Obama's Jobs Speech Long on Promises, Weak On Substance
The weak underbelly of President Obama’s economic philosophy has been apparent for quite some time now. When faced with a choice between a social agenda and economic growth, choose ObamaCare.
When given the option of unions or economic growth, sit on trade agreements and empower the National Labor Relations Board.
Espouse the need to soak the rich and attack successful corporations – even if your own party blanches at raising taxes on American small business.
Let the green agenda at the Environmental Protection Agency undercut growth imperatives.
In short, make the wrong call on policy tradeoffs consistently. But when the chickens come home to roost – years of substandard growth and chronic high unemployment – argue that what is really needed is a “jobs bill” or “American Jobs Act”. As if economic growth was a government program.
For all these reasons, I did not expect the president's speech Thursday evening to be a policy home run. After all, the specifics – nearly all of which were leaked in advance – were warmed-over retreads from previous “jobs” speeches.
Of the initiatives:
• Temporary payroll tax reduction, plus an extension to new businesses
• A new hires tax break
• Extended unemployment insurance with a new training for the long-term unemployed
• Extending the expensing of small business expensing
• Supposed “quick acting” infrastructure spending, especially in schools
• Checks to states to hold on to favored employees
Only the notion that it would be “paid for” was held back from the media and saved for the speech itself. Of course that is just another promise, the president made it a problem for the so-called “super committee” to tackle. No big surprise there.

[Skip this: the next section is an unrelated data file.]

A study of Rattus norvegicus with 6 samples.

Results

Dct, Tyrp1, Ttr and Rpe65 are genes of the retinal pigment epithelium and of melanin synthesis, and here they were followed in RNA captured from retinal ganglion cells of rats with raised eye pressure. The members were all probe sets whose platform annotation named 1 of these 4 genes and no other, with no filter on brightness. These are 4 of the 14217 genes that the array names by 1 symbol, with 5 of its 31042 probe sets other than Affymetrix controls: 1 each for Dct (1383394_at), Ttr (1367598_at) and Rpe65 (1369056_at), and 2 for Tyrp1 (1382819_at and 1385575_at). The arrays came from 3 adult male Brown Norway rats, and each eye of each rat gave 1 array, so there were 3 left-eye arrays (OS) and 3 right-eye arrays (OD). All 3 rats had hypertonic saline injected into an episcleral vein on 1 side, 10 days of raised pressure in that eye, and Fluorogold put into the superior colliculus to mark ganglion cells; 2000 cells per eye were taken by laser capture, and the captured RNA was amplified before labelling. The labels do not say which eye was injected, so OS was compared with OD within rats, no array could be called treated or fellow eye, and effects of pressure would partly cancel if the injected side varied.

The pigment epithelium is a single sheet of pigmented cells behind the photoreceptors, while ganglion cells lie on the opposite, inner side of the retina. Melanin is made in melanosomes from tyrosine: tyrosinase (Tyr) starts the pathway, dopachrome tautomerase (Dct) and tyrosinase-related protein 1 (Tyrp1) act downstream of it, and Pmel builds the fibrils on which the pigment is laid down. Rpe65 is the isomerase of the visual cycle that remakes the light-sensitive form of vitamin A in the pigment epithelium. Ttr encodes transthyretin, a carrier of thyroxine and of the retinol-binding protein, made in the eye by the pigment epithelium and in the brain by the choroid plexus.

The president has ducked entitlement reform and believes that government spending is growth, so there was no chance of spending offsets. That means that to provide the offsets would mean he had to come clean with the fact that this is just another tax and spend effort.
So we got another speech with more promises and fundamentally mediocre substance. Indeed, even by late August "Macroeconomic Advisers" was warning that a similar package would generate under 40,000 new jobs per month between now and the end of 2012. This package is “bigger” and would like get scored differently, but the bottom line would be the same.
Details aside, one knew in advance that the president wanted to spend nearly another half trillion dollars and not move the dial on unemployment. We didn’t know that it would be spend and promise to tax, but the shock value is small.
The surprise to me was that the politics were so flat. Sure, President Obama succeeded in floating proposals that Republicans will largely oppose, thereby cementing his strategy of portraying them as recalcitrant even as he supposedly tries to reach across the aisle. And, again, he took to the podium and lectured all members about the evils of partisan divide, thereby running away from his Democratic colleagues on the Hill.
But these are small-ball tactics on policy and politics. They do not do anything to counter the emerging narrative: President Obama is not ready to lead. He has proven to be an unsuccessful and unpopular economic leader.
Thursday night, he cemented his reputation as believing in favored constituencies over broad economic growth and a commitment to spend, spend, spend.
The speech and proposed legislation will soon be parsed for pieces that have merit and the potential for bipartisan support – and some will be found. But the philosophy they embody has failed and will not be embraced.
Douglas Holtz-Eakin is president of the American Action Forum and a former director of the Congressional Budget Office.